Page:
Arkansas’ economy in 2013 will create new jobs, but not enough to rebound to pre-recession levels, according to information released Friday (Feb. 8) by the University of Arkansas economist Kathy Deck.
Deck, director of the Center for Business and Economic Research at the Sam M. Walton College of Business at the University of Arkansas, said the Northwest Arkansas metro area will fare better than the rest of the state in terms of job creation.
“The forecast for Arkansas in 2013 is one of continued plodding growth — not enough strength in employment to regain our pre-recession highs over the next few years,” Deck said during the 19th annual Business Forecast luncheon in Rogers. “On the other hand, Northwest Arkansas is poised to continue enjoying substantial employment gains. Construction (of both housing and highways), leisure and hospitality, retail entrepreneurship and professional service gains should help lead the way.”
The Northwest Arkansas metro jobless rate during December was 5.1%, below the 5.7% during December 2011. During December, the lowest metro jobless rate was in Northwest Arkansas and the highest rate was 9% in the Pine Bluff area.
According to figures released Jan. 30 by the U.S. Bureau of Labor Statistics, the size of the Northwest Arkansas regional workforce during December was 235,174, almost 3,500 larger than the 231,708 during December 2011.
Northwest Arkansas continues to trend upward in that category. The average annual monthly labor size was 231,461 during 2011, 227,938 during 2010 and 225,177 during 2009. The number of employed during December was 223,228, more than 4,700 jobs higher than the 218,463 in December 2011.
But, as Deck noted, the jobless rate in Northwest Arkansas is higher than the pre-recession period. The following list is annual average unemployment rates in the metro area in the past 10 years.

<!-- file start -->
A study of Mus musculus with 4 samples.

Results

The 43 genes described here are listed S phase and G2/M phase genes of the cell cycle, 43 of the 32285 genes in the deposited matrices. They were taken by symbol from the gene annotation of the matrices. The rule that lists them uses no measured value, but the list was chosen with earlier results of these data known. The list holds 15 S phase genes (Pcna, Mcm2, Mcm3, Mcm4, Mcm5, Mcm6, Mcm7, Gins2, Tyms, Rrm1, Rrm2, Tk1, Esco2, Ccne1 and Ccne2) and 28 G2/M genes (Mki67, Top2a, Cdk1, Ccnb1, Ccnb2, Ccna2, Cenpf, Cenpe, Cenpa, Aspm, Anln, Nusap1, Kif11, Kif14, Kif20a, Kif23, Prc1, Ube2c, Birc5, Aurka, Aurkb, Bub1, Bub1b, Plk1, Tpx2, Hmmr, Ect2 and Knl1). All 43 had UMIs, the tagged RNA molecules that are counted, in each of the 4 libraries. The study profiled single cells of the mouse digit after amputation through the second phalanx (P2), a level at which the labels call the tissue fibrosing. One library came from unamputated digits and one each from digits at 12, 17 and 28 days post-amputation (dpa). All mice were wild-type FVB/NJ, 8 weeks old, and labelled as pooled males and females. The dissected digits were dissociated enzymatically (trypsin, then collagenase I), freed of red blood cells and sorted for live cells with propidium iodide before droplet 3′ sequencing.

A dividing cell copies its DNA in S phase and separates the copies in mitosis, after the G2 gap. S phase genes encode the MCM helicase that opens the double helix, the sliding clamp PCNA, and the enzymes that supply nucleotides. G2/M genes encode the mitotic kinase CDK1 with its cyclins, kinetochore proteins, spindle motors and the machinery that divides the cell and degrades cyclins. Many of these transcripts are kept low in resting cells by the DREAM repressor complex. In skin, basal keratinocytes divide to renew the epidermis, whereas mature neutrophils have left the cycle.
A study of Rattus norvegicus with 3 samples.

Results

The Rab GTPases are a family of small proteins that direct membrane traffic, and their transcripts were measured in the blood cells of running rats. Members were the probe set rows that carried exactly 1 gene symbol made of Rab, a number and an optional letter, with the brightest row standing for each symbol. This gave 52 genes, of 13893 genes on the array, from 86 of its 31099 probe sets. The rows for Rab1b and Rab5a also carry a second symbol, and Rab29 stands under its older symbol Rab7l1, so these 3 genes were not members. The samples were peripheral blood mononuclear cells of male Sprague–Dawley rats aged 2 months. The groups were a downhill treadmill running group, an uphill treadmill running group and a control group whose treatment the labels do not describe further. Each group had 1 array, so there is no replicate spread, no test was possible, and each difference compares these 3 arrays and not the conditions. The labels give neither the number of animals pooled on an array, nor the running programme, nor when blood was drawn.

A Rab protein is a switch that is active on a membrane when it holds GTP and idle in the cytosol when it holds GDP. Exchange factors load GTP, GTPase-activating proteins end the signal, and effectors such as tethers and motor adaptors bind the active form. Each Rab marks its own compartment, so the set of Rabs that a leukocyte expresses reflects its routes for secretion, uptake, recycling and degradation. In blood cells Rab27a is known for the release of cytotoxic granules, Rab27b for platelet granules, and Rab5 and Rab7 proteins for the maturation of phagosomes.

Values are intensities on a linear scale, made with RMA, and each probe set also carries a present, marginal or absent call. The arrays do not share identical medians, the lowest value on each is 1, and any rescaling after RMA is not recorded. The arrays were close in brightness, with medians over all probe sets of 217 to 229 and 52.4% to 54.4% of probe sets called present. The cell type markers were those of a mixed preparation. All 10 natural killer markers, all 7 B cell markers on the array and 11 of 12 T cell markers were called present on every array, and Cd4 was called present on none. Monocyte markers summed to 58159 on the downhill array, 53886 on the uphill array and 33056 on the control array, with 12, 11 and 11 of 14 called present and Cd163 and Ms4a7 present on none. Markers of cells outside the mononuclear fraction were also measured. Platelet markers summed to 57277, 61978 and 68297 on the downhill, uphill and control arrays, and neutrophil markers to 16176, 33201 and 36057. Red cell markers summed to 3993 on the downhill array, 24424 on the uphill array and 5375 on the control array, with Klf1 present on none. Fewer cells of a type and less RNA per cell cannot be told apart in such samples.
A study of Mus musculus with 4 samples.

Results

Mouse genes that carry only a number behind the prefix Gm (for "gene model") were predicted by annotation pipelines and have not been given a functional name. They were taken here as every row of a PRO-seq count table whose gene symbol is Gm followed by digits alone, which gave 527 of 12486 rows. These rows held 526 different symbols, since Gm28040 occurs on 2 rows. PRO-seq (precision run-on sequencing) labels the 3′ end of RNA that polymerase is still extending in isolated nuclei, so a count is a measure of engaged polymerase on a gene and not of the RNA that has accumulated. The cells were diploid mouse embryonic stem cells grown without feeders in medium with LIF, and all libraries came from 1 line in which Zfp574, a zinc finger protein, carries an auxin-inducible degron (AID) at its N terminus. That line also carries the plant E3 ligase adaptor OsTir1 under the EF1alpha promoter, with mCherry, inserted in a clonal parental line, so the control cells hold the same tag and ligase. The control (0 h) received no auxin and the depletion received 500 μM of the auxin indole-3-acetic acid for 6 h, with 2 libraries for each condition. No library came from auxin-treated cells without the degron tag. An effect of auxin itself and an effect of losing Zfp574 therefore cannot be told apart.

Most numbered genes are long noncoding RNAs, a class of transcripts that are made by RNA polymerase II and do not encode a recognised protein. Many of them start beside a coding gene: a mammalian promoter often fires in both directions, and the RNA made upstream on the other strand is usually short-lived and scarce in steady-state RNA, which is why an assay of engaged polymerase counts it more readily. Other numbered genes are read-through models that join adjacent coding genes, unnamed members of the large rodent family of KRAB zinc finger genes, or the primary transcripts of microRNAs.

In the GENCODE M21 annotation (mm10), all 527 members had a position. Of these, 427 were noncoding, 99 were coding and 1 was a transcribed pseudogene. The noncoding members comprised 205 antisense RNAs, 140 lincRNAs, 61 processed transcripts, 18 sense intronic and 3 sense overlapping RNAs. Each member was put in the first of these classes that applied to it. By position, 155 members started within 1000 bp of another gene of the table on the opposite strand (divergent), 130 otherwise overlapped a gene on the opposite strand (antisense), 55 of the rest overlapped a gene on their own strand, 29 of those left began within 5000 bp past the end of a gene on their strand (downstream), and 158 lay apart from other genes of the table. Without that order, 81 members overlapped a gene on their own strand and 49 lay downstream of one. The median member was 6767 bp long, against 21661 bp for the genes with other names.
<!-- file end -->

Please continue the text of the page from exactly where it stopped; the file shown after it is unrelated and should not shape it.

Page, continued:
Deck’s comments on Friday also included the following economic points.
• Arkansas per capita personal income is growing more quickly than the U.S. average over the past 40 years. Since 1970, per capita income in Arkansas has grown from 69.5% to 81.6% of the U.S. average.
• Arkansas gross domestic product (GDP) is more concentrated in agriculture, construction, manufacturing, trade and transportation, management of companies, other services, and government than the U.S. average.
• Arkansas GDP is less concentrated in information, finance and real estate, professional and technical services, administrative services, and arts, entertainment and recreation than the U.S. average.
• There were net job losses in the professional and business services, information, financial activities and construction sectors in Arkansas in 2012. Despite these losses, the unemployment rate in Arkansas has fallen to 7.1% from its post-recession high of 9%.
• The Arkansas labor force is declining on a year-over-year basis at this point, even though the U.S. labor force is growing at about 1%.
• Employment growth has been modest in all metropolitan areas of Arkansas except Northwest Arkansas. In Northwest Arkansas, no sectors had employment declines on a year-over-year basis in 2012, and overall employment grew at 4.3%.
• Success in 2013 is likely to depend on new construction, leisure and hospitality growth, strength in retail and a continued rebound in the professional services sector.